Scientists have developed a new trap for brown marmorated stink bugs (BMSB).
BMSB - a particularly unwanted pest - poses a major threat to New Zealand's horticultural industry. "It has the potential to cost the country nearly $4 billion if it established here," says Biosecurity New Zealand's manager of readiness, Dr Cath Duthie.
"There is always the chance the unwanted pest could arrive in parcels and with other imported items. We very much want the public to help us with our surveillance efforts."
Biosecurity NZ's BMSB winter campaign focuses on showing people how to correctly identify the pest and report it. While it looks like some other bug species, BMSB has elements that make it identifiable - including white stripes or banding on its antennae and abdomen. The bug is about the same size as a 10 cent coin.
The winter campaign follows the spring-summer campaign of 2021/22 which saw stink bug ads appear on people's phone and computer screens.
Duthie says Biosecurity New Zealand is asking anyone who thinks they've found BMSB to catch it, snap it (take a photo), and report it.
"Winter is the time when BSMB is most likely to be found in enclosed spaces and indoors. This can cause problems for homeowers. As summer comes, any bugs are more likely to be found outdoors, for example in gardens."
Biosecurity NZ says there is currently no evidence of any established BMSB population in New Zealand.
There were 61 live bugs intercepted in New Zealand during the 2021/22 season - mostly associated with imported cargo.
Duthie says the number of live interceptions has dropped considerably over the last three years.
"This is largely due to the introduction of import rules that makes it harder for BMSB to enter New Zealand on risky cargo such as vehicles, machinery and parts from countries with established stink bug populations. Such cargo must be treated before arriving in New Zealand during the BMSB season."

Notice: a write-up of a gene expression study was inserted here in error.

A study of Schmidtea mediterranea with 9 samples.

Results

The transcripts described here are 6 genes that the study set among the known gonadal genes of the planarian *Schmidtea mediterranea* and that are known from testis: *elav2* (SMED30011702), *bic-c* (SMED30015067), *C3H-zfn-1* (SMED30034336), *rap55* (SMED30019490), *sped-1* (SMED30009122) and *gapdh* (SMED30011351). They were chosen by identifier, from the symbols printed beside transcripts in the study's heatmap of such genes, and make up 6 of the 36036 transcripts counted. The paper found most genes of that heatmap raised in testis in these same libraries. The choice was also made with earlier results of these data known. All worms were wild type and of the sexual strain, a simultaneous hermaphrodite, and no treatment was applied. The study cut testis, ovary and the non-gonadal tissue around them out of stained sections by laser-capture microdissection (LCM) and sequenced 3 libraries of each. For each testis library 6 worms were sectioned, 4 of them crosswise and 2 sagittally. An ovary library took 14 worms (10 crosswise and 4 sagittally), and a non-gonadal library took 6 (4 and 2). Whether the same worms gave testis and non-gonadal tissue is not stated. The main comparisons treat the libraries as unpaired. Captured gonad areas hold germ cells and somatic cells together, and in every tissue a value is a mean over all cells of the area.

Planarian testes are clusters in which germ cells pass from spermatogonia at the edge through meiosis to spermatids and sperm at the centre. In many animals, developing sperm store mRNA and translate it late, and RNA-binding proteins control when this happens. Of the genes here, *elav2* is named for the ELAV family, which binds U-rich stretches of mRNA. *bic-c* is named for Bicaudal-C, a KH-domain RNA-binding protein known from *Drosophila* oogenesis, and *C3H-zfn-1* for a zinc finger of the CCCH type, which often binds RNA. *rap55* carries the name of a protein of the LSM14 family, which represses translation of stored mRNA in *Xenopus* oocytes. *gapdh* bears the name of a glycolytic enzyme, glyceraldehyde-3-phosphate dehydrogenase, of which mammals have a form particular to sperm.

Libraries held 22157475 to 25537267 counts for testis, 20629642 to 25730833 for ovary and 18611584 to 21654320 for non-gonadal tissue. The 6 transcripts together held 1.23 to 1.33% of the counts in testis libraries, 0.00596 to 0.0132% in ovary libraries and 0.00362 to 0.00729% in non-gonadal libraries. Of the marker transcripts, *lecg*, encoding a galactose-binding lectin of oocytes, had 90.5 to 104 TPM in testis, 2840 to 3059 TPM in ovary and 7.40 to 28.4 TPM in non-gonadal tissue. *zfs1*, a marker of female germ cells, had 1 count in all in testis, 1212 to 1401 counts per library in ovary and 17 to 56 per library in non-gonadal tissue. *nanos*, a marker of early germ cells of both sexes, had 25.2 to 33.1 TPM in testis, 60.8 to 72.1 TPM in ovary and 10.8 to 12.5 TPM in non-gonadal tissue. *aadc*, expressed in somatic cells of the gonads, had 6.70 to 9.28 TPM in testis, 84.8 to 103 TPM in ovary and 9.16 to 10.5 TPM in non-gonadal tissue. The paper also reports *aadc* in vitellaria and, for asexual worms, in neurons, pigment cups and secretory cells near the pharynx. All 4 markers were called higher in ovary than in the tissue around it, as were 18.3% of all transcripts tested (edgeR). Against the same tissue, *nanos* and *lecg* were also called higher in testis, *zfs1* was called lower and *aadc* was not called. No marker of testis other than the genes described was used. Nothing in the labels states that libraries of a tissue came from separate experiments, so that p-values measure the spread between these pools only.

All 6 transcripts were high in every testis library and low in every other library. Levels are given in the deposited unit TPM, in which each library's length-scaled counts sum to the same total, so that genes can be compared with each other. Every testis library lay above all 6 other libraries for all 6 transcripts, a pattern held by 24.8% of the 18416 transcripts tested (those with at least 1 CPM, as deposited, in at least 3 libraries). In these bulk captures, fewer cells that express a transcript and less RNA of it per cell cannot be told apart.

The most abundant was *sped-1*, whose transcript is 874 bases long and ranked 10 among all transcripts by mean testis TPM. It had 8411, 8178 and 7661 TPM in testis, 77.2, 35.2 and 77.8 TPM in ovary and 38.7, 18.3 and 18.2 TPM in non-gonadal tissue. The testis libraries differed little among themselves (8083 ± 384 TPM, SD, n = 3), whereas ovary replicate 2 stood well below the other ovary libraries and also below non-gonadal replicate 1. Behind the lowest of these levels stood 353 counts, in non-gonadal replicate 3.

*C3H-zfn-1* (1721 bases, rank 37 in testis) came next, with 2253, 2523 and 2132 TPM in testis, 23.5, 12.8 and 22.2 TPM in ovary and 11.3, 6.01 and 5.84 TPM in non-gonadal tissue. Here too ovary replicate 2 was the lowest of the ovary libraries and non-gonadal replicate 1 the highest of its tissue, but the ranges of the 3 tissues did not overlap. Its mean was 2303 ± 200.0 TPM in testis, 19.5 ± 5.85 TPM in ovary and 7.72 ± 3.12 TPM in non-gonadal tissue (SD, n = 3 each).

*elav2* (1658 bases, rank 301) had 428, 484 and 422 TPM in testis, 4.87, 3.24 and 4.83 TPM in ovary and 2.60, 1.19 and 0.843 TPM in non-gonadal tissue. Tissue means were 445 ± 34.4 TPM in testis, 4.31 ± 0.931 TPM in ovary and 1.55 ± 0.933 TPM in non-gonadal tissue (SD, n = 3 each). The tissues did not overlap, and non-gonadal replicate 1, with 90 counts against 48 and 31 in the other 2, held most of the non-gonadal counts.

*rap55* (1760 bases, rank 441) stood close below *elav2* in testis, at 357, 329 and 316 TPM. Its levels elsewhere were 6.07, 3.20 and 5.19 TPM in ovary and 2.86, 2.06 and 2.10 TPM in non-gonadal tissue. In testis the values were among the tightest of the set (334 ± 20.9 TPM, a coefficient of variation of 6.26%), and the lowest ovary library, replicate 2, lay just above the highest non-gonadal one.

Biosecurity New Zealand further tightened border controls recently - including introducing targeted alerts on additional goods associated with BSMB detections. Consignments covered by the alerts underwent full inspection to rule out the presence of live bugs.
"The fact we have no established BSMB populations suggests that the current biosecurity approach is working well," Duthie adds. "However, the risk of an incursion is never zero, which is why we all must play our part in keeping an eye out."
What's The Threat To NZ?
The brown marmorated stink bug (BMSB) is an agricultural, horticultural, and social pest.
It's native to Asia and has spread throughout North America and Europe. The bug isn't established in New Zealand, but the sneaky pest hitchhikes on passengers and imported goods. However, they have been caught at our border many times.
BMSB feeds on more than 300 plant species. If established in New Zealand it could decimate fruit and vegetable industries.
During autumn and winter, thousands of bugs can enter houses to shelter from the cold. When they're disturbed they release a foul-smelling liquid, which can make the house hard to live in.
Adult BMSB are a brown 'shield' shape and about the size of a 10 cent coin.
The easiest way to identify them is from the white bands on their antennae and alternating black and white markings on the abdomen. Its underside is a white/tan colour.
Stink bug eggs are light green shaped like barrels, and are usually in clusters of 20 to 30.